Angus Allan Interview   Look-In
20/1 they're mine

You spent many years at TV21 (and girls' stablemate Lady Penelope) and the story of this classic comic is well documented by Anderson devotees but in brief what were your duties there? You were strips script editor at one point weren't you - did you stay long at this 'desk job'?

I started with TV21 as a freelance, pure and simple, at first supplying text features for such things as Stingray Annual - the story of the deepest bathyscaphe dives in the Marianas Trench, for example. I was eventually approached by Alan Fennell, who, with the advent of Penelope magazine, reckoned that he really needed a Script Editor to look after all the mechanics of strip production - making sure stories were scripted in time, properly sub-edited so that they made sense, sent to the right artists, properly drawn to specification, correctly and readably lettered by lettering artists - and so forth.

It made my job easier if I wrote a percentage of the strips myself. No problem there. However, I remained behind a desk at the TV21 office for only a year or so. Perhaps 18 months. I hated office routine, and eventually Alan and I both felt we'd all be happier if I went freelance again as a scriptwriter. Certainly office tensions (artists being late with their work and so forth) were not to my taste. I almost came to blows with one artist's agent on one occasion, such was my frustration. Also, Alan's immediate henchmen, Tod Sullivan and Dennis Hooper (later editor of Countdown comic - Alistair), incorrectly assuming that I was after their jobs, were keeping diaries on my comings and goings to and from various Fleet Street pubs, and showing them to Alan.

Alan called me in at one time, tossed me the diaries and said: "what do you think of these?" I replied: "Christ. Haven't those twerps got any work to do?" He nodded, grinned, and that was that.

What about the Daleks comic strip at TV21 - this was credited on the page to Terry Nation but it's usually accredited to David Whitaker [John Ainsworth's articles in Classic Comics state this, with Alan Fennell joint writing episode 1. David Whitaker's nephew Steve contacted me to say that most if not all were Whitaker's including most definitely 'The Archives of Phryne' whch he recalls discussing with his Uncle prior to publication. Steve also suggests writer/artist Eric Eden may have scripted on occasion]. Reading episodes of it again surely Angus Allan took a hand in this somewhere?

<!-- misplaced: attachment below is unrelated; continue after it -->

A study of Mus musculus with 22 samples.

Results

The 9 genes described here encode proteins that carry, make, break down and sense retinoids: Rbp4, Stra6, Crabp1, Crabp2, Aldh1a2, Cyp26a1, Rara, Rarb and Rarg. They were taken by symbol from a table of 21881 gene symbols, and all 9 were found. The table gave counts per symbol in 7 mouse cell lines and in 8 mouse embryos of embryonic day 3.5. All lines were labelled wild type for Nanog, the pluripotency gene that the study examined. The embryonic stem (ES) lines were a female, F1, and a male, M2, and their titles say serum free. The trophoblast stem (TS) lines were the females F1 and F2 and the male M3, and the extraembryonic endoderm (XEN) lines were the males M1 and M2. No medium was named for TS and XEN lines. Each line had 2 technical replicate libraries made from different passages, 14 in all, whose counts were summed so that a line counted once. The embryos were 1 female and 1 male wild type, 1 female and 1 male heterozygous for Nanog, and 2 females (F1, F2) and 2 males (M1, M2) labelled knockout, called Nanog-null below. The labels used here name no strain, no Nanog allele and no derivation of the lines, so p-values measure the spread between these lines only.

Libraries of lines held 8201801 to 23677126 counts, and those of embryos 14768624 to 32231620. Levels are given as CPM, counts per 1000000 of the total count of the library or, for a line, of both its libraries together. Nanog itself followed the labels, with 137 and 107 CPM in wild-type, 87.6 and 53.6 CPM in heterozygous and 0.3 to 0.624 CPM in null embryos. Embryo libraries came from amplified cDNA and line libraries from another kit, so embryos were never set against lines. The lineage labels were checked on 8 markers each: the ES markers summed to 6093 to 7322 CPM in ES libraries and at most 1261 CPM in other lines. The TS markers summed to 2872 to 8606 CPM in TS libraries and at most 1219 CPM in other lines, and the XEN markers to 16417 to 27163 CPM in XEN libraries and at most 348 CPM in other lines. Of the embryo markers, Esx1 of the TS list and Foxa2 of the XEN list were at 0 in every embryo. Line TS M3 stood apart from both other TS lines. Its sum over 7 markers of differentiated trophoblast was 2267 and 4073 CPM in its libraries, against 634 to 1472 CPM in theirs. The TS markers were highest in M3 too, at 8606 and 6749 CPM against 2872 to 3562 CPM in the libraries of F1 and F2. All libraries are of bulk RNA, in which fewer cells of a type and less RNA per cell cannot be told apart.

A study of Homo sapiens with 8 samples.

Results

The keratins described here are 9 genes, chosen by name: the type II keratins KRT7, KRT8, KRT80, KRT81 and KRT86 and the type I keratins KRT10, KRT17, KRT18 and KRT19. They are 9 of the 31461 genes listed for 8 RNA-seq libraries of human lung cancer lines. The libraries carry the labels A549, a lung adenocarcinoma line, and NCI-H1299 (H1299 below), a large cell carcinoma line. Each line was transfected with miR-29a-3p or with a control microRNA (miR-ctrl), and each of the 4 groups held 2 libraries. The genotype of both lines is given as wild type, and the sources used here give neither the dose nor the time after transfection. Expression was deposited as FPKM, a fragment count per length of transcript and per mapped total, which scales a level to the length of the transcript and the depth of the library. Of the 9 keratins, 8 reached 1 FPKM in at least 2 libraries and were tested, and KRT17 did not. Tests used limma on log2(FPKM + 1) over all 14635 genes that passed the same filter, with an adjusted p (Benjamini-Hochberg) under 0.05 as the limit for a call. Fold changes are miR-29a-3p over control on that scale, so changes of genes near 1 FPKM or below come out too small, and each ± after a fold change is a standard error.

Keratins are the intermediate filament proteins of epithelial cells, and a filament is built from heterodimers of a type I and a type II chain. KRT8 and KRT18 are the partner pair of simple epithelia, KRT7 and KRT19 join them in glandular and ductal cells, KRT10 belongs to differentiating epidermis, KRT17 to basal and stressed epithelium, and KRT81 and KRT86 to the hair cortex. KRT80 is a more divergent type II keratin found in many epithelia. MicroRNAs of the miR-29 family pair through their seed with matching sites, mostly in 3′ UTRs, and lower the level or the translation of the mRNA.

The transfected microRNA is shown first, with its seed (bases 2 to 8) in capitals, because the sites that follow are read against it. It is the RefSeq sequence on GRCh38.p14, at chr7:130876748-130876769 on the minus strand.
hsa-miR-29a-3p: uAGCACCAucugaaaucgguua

I took no hand whatsoever with the Daleks strip, except that on one occasion the writer (I always assumed that Nation wrote the strip himself, but it may have been Whitaker) either fell ill or was otherwise indisposed, and I had to do a couple of weeks of fill-in - that is, advancing the story without actually altering storyline or plot. A tricky enough task! What I do remember is that (I was actually in-house as Script Editor at the time) I very unexpectedly received a cheque - from Terry Nation, and I am certain of that much - with a letter of thanks. He insisted that he had no right to money for which he had done no work. It was a most generous gesture, and what's more, he paid me at his rate, which, naturally, was many times my own.

TV21 had a lean period towards the end of its life, going through all sorts of format revisions and cutbacks - what was it like to work on at that time and did you stay the course? Century 21 Publishing wound up in Summer 1969 but TV21 continued with Marx Press and City Magazines. The Anderson content finally disappeared with the demise of Thunderbirds in June 1970 but the comic continued with Star Trek and reprints until merging with Valiant in September 1971. I'd assume you'd severed all ties with TV21 by January 1971 at the latest, to start at Look-In?

I remained with TV21 almost until the end. I went with it, as freelance, you understand, to Marx Press - which coincidentally had been founded by an ex-boss of Alan Fennell's and mine - Leonard J. Matthews. I had no problems. I have always regarded scriptwriting as a job of work that I am lucky enough to be able to do. It was another coincidence when TV21 merged with Valiant. I had been freelancing for Valiant for years!